Gospel of Thomas and Animals: Saying 7

Moving along in our analysis of animals in the Gospel of Thomas, the next saying that includes animals or animality is Saying 7. Like Saying 3, it also exists in Greek fragments from Oxyrynchus, but again I will focus on the Coptic text.

Saying 7 is much shorter than Saying 3, but it is somewhat enigmatic compared to, for example, synoptic uses of animals.

Coptic Text (Layton edition):

ⲡⲉϫⲉ ⲓ̅ⲥ̅ ⲟⲩⲙⲁⲕⲁⲣⲓⲟⲥ ⲡⲉ ⲡⲙⲟⲩⲉⲓ ⲡⲁⲉⲓ ⲉⲧⲉ ⲡⲣⲱⲙⲉ ⲛⲁⲟⲩⲟⲙϥ ⲁⲩⲱ ⲛ̅ⲧⲉ ⲡⲙⲟⲩⲉⲓ ϣⲱⲡⲉ ⲣ̅ⲣⲱⲙⲉ ⲁⲩⲱ ϥⲃⲏⲧ ⲛ̅ϭⲓ ⲡⲣⲱⲙⲉ ⲡⲁⲉⲓ ⲉⲧⲉ ⲡⲙⲟⲩⲉⲓ ⲛⲁⲟⲩⲟⲙϥ ⲁⲩⲱ ⲡⲙⲟⲩⲉⲓ ⲛⲁϣⲱⲡⲉ ⲣ̅ⲣⲱⲙⲉ

English Translation (Mine):

Jesus said, “Blessed is the lion which a man will eat it, and the lion becomes a man. And cursed is the man which the lion will eat and the lion shall become a man.”

Textual issue: some people think the last line has been corrupted and should read: “And the man becomes a lion” to retain the structure of the first part of the saying.

Issues: eating / consumption, but here not just humans eating animals but animals eating humans. Moreover, it is not a typical animal. People typically do not eat lions. It uses eating as a symbol for something else. But what is this something else? What do the components of eating, lion, and man (human) mean?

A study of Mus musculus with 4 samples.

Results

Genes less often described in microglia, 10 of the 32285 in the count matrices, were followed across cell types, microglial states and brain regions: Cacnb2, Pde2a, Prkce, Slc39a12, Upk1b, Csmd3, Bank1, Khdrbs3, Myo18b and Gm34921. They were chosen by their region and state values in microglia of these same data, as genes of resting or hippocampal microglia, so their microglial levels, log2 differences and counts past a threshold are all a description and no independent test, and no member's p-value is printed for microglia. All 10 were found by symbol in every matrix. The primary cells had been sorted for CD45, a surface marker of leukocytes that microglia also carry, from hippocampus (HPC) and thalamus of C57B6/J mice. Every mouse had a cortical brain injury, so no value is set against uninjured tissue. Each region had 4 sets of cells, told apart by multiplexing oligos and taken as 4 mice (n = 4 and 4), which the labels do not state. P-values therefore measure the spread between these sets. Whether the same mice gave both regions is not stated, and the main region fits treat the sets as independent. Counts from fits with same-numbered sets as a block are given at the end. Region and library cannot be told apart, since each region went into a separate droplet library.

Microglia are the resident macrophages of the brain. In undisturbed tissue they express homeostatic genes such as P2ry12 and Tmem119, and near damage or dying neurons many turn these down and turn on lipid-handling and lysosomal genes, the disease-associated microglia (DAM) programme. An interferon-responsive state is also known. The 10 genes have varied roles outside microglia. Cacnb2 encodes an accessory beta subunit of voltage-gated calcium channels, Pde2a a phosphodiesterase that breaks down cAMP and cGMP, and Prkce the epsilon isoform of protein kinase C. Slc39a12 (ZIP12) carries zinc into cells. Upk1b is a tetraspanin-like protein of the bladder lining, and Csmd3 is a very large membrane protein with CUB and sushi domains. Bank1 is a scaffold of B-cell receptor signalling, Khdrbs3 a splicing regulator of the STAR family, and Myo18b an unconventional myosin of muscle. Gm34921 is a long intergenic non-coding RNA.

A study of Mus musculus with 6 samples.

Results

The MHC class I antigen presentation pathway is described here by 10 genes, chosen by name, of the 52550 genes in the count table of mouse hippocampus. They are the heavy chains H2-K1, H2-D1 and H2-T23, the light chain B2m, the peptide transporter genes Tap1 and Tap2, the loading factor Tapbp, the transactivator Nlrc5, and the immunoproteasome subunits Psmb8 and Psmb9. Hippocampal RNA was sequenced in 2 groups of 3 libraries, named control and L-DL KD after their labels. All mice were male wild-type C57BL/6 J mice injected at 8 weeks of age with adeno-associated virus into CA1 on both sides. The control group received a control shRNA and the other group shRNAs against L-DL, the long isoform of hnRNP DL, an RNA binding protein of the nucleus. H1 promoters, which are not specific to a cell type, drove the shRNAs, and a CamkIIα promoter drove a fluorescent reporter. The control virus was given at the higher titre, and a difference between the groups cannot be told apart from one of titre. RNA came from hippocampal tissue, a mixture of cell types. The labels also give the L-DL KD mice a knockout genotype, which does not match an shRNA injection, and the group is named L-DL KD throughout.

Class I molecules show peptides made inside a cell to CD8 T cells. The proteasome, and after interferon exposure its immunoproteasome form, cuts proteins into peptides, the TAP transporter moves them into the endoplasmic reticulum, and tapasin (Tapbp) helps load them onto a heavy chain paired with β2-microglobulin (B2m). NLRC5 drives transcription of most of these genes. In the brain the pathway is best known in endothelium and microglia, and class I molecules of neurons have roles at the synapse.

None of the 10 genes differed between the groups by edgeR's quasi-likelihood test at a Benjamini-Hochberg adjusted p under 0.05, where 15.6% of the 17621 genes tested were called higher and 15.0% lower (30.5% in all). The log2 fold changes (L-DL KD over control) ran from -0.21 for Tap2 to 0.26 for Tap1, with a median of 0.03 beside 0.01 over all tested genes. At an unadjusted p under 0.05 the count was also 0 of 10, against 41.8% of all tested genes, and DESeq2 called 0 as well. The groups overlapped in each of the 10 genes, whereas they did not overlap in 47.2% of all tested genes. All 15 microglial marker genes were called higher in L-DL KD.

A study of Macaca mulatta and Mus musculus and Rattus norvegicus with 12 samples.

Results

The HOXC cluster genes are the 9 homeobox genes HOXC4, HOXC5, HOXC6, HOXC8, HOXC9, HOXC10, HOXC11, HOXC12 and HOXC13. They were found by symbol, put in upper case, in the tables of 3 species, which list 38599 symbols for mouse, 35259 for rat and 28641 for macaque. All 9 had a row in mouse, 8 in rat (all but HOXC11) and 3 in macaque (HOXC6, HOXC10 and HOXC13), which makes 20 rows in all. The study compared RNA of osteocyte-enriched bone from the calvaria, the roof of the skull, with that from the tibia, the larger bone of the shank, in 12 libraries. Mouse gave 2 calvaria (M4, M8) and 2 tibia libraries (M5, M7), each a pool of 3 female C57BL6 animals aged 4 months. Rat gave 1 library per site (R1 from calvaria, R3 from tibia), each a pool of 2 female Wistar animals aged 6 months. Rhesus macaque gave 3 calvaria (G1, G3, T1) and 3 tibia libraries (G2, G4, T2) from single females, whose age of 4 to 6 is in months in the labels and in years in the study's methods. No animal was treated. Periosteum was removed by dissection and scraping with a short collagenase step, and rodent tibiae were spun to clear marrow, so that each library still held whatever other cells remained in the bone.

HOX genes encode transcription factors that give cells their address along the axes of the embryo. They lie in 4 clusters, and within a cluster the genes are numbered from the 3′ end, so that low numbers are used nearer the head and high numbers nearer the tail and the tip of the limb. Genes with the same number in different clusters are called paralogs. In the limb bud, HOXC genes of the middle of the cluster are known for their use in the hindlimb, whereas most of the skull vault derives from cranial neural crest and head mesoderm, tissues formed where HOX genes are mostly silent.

Most scholars look to the Greek philosophical tradition stemming from Plato here (see Republic 436A-441C; 588B-589B). The lion is a metaphorical being here, representing one’s animalistic passions that must be brought into control by the quintessentially human element – one’s mind. So the “man” represents reason/mind and the lion represents passions. To be fully human, the human / reason must maintain dominance over the animal (lion) / passions; otherwise, if the animal nature becomes dominant, one will simply become animalistic and beastly.

The metaphor for reason and passions relies upon a few of assumptions. Probably the most important assumption is that humans should be dominant in nature, but aren’t always. The choice of a wild, powerful animals, such as a lion, rather than a domesticated animal illustrates the difficulty of maintaining this “dominance.” Nonetheless, if we add a touch of historical context, one would see the “reassertion” of such “dominance” throughout the Roman Empire in the venationes (wild beast hunts) held in various amphitheaters throughout the Mediterranean world.

There may also be a major psychological issue occurring here as well: the human phobia of being eaten instead of eating. Again, if one may take a look at the context: part of the executions in the Roman amphitheaters could (but did not always) include prisoners being attacked and eaten by animals.

That is, in the Roman Empire in the context of the amphitheater, one could see someone dominating (though not eating) a lion and a lion eating a human.

Combine the Roman setting with the Greek philosophical tradition, and all of the anthropocentric assumptions – and potential fears and challenges to those assumptions represented by the lion – then one gets a powerful metaphor.